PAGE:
South Carolina bracing for Hurricane Matthew
COLUMBIA, S.C. (AP) With Hurricane Matthew approaching, the South Carolina-Georgia football game is still on for Saturday night, even though Gov. Nikki Haley says she ''can't imagine'' the game being played as scheduled.
Several other games in the Palmetto State were affected with Football Championship Subdivision teams Charleston Southern and South Carolina State postponing their Saturday contests. Citadel, another FCS school, moved its game to the campus of Division II opponent North Greenville and will play Thursday night instead of Saturday.
But the biggest contest of the weekend is scheduled for Saturday night at Williams-Brice Stadium, where upward of 80,000 fans turn out to watch Southeastern Conference matchups.
South Carolina administrators said Tuesday they were consulting with the SEC, the National Weather Service and local authorities and would make a decision about the game later in the week.
Matthew is a Category 4 storm with winds up to 145 mph. It is on track to hit South Carolina and potentially disrupt the game at Williams-Brice Stadium.
The storm was about 1,000 miles from Charleston on Tuesday. But forecasters predict the hurricane will move near or along South Carolina's coast late Friday into early Saturday as a Category 2 storm.
Charleston Southern, located about 20 miles from the coast, canceled several sporting events the rest of the week, including its football game with Albany State. The school had pushed the game up to Thursday night before deciding to postpone it.
South Carolina State, an FCS school that's about an hour's drive from the coast, postponed its game Saturday against Bethune-Cookman.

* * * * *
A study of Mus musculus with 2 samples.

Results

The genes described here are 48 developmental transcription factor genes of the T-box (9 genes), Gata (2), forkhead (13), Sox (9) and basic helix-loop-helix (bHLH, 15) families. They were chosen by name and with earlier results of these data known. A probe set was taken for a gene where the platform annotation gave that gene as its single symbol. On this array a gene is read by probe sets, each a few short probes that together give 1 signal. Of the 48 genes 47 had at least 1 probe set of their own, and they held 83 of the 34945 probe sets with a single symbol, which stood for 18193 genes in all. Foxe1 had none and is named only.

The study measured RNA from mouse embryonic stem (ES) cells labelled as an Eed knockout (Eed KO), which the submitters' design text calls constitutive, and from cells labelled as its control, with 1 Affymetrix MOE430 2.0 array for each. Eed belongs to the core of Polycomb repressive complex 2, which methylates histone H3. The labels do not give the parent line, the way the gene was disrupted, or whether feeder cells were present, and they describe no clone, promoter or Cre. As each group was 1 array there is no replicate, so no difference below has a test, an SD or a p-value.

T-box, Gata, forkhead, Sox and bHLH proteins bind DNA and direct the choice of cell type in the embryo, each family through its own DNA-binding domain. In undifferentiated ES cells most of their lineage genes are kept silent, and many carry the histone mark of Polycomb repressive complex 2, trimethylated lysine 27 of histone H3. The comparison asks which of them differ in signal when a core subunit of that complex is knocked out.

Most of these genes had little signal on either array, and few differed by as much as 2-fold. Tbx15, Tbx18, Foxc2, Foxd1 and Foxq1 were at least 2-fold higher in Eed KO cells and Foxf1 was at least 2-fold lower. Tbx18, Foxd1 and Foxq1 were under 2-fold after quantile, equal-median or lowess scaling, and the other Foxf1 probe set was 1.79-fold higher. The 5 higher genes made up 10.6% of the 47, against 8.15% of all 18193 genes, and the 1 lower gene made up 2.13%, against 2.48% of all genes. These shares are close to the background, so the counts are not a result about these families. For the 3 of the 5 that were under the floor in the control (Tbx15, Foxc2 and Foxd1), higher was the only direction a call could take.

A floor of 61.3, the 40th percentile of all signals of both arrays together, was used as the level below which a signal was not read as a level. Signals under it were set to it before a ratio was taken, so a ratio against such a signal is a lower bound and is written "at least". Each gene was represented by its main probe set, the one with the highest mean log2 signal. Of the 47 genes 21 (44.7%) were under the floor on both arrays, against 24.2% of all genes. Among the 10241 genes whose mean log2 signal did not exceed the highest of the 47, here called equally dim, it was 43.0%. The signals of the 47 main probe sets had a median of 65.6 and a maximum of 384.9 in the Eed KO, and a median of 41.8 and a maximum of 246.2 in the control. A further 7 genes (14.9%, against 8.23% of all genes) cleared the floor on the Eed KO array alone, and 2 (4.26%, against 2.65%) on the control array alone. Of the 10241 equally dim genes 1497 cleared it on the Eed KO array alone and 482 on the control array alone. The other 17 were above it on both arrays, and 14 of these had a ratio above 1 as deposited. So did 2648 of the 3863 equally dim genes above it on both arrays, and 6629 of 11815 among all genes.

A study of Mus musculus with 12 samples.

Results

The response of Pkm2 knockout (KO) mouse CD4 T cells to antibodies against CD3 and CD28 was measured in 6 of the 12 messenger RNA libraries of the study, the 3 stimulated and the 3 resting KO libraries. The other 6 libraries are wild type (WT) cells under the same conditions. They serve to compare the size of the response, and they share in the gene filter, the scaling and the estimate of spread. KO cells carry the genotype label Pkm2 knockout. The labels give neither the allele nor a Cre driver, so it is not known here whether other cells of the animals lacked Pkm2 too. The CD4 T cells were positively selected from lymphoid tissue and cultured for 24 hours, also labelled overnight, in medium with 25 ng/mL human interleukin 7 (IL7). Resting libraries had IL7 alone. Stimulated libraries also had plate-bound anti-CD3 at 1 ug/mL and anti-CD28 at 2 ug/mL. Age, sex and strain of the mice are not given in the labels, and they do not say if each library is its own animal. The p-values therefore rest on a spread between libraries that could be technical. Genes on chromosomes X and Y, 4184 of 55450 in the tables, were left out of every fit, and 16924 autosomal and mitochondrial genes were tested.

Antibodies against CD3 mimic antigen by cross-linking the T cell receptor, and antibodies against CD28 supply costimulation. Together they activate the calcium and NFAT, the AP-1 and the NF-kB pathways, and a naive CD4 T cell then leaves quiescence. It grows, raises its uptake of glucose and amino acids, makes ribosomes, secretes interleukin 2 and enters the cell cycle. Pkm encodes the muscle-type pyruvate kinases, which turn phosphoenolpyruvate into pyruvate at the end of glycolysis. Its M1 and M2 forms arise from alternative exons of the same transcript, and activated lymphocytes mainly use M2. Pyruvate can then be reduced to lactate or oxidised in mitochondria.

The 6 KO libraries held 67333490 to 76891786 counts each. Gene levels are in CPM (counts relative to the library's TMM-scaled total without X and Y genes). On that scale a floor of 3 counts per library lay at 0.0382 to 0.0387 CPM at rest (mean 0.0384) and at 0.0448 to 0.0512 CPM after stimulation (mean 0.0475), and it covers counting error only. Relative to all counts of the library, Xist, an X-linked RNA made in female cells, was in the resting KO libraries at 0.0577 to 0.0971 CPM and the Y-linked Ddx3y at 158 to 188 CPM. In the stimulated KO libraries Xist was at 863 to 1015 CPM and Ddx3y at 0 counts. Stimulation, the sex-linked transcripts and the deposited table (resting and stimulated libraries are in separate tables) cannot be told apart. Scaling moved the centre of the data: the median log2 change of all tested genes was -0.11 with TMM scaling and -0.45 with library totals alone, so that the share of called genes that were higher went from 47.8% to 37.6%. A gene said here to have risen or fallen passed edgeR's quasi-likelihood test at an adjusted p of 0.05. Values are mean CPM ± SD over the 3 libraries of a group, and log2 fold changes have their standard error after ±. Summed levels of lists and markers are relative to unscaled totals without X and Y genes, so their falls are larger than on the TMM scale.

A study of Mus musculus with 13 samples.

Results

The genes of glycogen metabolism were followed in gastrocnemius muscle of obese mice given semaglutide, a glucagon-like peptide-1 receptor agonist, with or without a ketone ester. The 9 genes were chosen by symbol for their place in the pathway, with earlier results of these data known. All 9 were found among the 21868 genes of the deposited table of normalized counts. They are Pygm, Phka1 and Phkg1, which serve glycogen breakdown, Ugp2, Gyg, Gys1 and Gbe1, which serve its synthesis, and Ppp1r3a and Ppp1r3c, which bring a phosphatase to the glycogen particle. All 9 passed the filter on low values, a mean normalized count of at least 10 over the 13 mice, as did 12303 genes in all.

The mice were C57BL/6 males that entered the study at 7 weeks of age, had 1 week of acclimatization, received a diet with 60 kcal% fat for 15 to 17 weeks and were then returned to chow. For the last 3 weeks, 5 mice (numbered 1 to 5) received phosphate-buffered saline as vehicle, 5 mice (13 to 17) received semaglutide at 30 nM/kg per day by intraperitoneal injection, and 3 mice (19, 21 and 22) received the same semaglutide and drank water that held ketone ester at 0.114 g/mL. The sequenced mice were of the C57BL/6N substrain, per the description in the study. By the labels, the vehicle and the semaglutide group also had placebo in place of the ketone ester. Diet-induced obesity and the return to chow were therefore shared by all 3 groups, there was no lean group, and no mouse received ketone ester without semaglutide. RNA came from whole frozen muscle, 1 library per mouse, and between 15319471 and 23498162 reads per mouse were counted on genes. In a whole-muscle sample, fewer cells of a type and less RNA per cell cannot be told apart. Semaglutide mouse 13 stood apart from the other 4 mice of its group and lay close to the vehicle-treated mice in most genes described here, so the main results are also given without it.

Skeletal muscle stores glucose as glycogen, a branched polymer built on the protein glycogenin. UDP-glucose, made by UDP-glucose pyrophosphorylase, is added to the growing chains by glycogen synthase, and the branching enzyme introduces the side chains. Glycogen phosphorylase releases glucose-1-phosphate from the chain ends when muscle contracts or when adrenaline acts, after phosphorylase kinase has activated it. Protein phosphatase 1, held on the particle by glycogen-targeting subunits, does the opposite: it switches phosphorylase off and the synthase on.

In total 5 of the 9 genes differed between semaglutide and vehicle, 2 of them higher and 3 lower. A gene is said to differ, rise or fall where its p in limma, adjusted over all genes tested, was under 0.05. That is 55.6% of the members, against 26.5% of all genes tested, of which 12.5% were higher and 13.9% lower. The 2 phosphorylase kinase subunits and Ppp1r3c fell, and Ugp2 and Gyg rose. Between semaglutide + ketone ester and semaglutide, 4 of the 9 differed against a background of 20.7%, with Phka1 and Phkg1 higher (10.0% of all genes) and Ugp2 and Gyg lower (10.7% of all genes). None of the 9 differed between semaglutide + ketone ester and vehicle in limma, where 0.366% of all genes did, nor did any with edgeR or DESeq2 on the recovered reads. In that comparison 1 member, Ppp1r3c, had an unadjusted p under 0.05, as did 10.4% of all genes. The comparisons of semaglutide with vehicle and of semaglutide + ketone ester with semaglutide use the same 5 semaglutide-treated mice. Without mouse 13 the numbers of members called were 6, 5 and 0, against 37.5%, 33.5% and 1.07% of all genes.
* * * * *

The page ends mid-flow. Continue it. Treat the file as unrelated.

Citadel shuffled its game to Tigerville, home of North Greenville some 230 miles northwest of the Bulldogs' home in Charleston.
South Carolina announced it has cancelled classes at its main campus for Wednesday and anticipated remaining closed Thursday and Friday.
If South Carolina's game is changed or delayed, it would be the second straight season that weather has altered the Gamecocks' football season. Last year's deadly flooding after a weekend of unprecedented rain led the university to move a home game with LSU to Baton Rouge, Louisiana, in part because many of the state troopers and safety officials necessary to hold a home football game were taking part in cleanup and recovery duties.
A similar situation might occur if Matthew hits South Carolina.
Haley said Tuesday that the ultimate call on whether to play the game would be made by the schools and the SEC.
''As of now, I can't imagine that happening, but certainly we're going to continue to watch this,'' she said. ''I would love nothing more than to see this take a right-hand turn and go out to sea.''
South Carolina coach Will Muschamp said he's not involved in planning for the storm because he's too busy looking into how to slow down Georgia's offense.
''Our administration is handling all of that through the SEC office,'' he said. ''All of my energy is game planning for the game. Whatever happens happens. I'm not the least bit worried about it.''
No. 3 Clemson is on the road this week, playing Friday night at Boston College. The Tigers are scheduled to leave Thursday and should miss any potentially bad weather.
The only other FCS game scheduled for Saturday in the Palmetto State was Furman hosting Samford in Greenville, far from the coastal areas where the storm's heaviest impacts are expected.